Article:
Saturday, 7 March 2015

Best Value and Gold Plating of UK Public Sector contracts

Local government minister Kris Hopkins has apparently accused the public sector of "gold plating" procurement requirements in the proposed revision of the Best Value guidance for local authorities.

Article in Supply Management and the proposed revision itself.

His suggestion is to minimise unnecessary paperwork and a tick box mentality, which I think is something that we can all support.  Though to be honest it is not my definition of either Gold Plating or Best Value - it is more about efficient processes.

Whether gold plating is common is something the Minister will have more data on than me, but I think we can consider why it might happen - there is no upside to public sector procurement.  In a commercial environment any savings or added value go through to the bottom line, and add to profits with (hopefully) bonuses all round.  In the public sector any money saved just goes back into government coffers to be used elsewhere.  Any added value is possibly not appreciated (and possibly seen as gold plating itself) (Personal recent example - I bought a First class train ticket for less than the equivalent second class fare.  Don't ask me how that works.  But if I worked in the public sector I bet there would be complaints that "we don't pay for first class travel" regardless of the fact is was actually saving money).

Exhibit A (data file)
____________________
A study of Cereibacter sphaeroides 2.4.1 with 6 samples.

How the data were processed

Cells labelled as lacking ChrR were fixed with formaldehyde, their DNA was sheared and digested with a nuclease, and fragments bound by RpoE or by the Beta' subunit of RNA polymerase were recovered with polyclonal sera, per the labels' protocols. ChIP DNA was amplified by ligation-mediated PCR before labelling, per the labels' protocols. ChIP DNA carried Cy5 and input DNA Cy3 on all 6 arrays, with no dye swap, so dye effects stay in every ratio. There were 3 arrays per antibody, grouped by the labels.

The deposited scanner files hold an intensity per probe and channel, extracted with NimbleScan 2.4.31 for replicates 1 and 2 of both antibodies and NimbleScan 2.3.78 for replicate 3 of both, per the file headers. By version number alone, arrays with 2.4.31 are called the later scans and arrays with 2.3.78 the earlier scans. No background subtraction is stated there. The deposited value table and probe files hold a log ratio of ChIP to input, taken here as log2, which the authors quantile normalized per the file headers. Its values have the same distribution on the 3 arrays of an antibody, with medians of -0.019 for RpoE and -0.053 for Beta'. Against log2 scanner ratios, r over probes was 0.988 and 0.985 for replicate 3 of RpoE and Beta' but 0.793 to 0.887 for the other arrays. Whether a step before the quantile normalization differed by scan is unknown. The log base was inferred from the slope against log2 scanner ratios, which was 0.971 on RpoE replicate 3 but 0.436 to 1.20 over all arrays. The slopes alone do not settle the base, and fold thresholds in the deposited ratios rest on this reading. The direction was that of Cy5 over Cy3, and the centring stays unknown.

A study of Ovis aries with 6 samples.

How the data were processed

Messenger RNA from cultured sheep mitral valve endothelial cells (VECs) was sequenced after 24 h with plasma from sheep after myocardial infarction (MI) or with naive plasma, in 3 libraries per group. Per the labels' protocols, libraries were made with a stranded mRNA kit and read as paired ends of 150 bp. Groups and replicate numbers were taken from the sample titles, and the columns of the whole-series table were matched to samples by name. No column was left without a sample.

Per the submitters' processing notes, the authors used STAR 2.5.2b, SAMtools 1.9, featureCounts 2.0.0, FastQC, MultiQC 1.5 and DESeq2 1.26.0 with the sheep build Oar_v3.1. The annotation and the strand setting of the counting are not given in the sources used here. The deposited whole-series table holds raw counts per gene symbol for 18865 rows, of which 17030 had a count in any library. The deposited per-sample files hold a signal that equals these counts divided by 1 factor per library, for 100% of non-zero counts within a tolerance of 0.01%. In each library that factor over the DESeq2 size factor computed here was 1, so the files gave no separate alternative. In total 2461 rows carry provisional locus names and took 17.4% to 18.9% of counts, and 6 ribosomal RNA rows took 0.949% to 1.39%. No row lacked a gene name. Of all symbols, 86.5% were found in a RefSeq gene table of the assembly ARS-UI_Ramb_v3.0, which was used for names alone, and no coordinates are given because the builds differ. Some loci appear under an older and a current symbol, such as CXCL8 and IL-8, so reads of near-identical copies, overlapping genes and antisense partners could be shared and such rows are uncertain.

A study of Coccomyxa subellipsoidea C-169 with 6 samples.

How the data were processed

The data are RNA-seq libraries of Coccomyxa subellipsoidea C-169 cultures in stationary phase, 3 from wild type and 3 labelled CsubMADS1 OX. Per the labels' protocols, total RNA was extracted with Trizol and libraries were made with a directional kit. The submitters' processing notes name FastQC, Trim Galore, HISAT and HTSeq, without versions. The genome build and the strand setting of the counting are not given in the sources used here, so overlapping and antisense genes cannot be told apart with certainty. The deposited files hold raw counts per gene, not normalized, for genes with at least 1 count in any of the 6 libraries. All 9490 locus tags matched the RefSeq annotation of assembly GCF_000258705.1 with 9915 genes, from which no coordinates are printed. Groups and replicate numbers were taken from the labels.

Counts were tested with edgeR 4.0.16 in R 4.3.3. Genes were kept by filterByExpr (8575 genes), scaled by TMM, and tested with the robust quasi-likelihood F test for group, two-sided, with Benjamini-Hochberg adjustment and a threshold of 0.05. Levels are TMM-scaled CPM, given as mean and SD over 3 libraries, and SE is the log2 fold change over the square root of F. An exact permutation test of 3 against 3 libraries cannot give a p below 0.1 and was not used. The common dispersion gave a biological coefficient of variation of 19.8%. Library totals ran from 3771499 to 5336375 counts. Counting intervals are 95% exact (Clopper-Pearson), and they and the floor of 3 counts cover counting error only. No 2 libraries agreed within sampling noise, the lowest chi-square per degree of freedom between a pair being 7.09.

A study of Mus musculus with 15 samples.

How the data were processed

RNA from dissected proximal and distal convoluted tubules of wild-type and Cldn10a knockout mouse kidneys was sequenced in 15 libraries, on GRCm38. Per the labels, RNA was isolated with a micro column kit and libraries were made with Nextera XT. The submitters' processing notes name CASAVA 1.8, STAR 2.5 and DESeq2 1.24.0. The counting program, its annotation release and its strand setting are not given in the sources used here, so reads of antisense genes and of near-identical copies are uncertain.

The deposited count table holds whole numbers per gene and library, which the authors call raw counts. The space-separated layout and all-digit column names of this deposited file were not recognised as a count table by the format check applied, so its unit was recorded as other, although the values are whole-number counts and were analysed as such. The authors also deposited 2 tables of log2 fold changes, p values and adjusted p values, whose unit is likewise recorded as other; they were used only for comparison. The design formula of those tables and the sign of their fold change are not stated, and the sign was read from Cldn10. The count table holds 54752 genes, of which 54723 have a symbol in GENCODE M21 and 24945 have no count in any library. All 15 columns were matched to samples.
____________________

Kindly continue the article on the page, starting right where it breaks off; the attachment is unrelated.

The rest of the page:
On the other hand any problems in public sector procurement can be very visible, and the procurement professionals might be the ones offered up in sacrifice to the media rather than the relevant Minister or Chief Executive. 

Whenever there is no upside and a very large potential downside then people tend to become risk averse and insist on belt, braces and a second belt just to be sure.   That might lead to gold plating of specifications.

Paradoxically allowing procurement to occasionally fail (a more commercial approach) might actually lead to more success.

Incidentally, the Best Value document mentions British Values - which is one of those things we all know what we mean but is very difficult to put down clearly in words.  Though democracy, the rule of law, individual liberty and mutual respect and tolerance of different faiths and beliefs (all listed) are part of them I am not sure that they are either definitively British or comprehensive.  A topic for another post I suspect.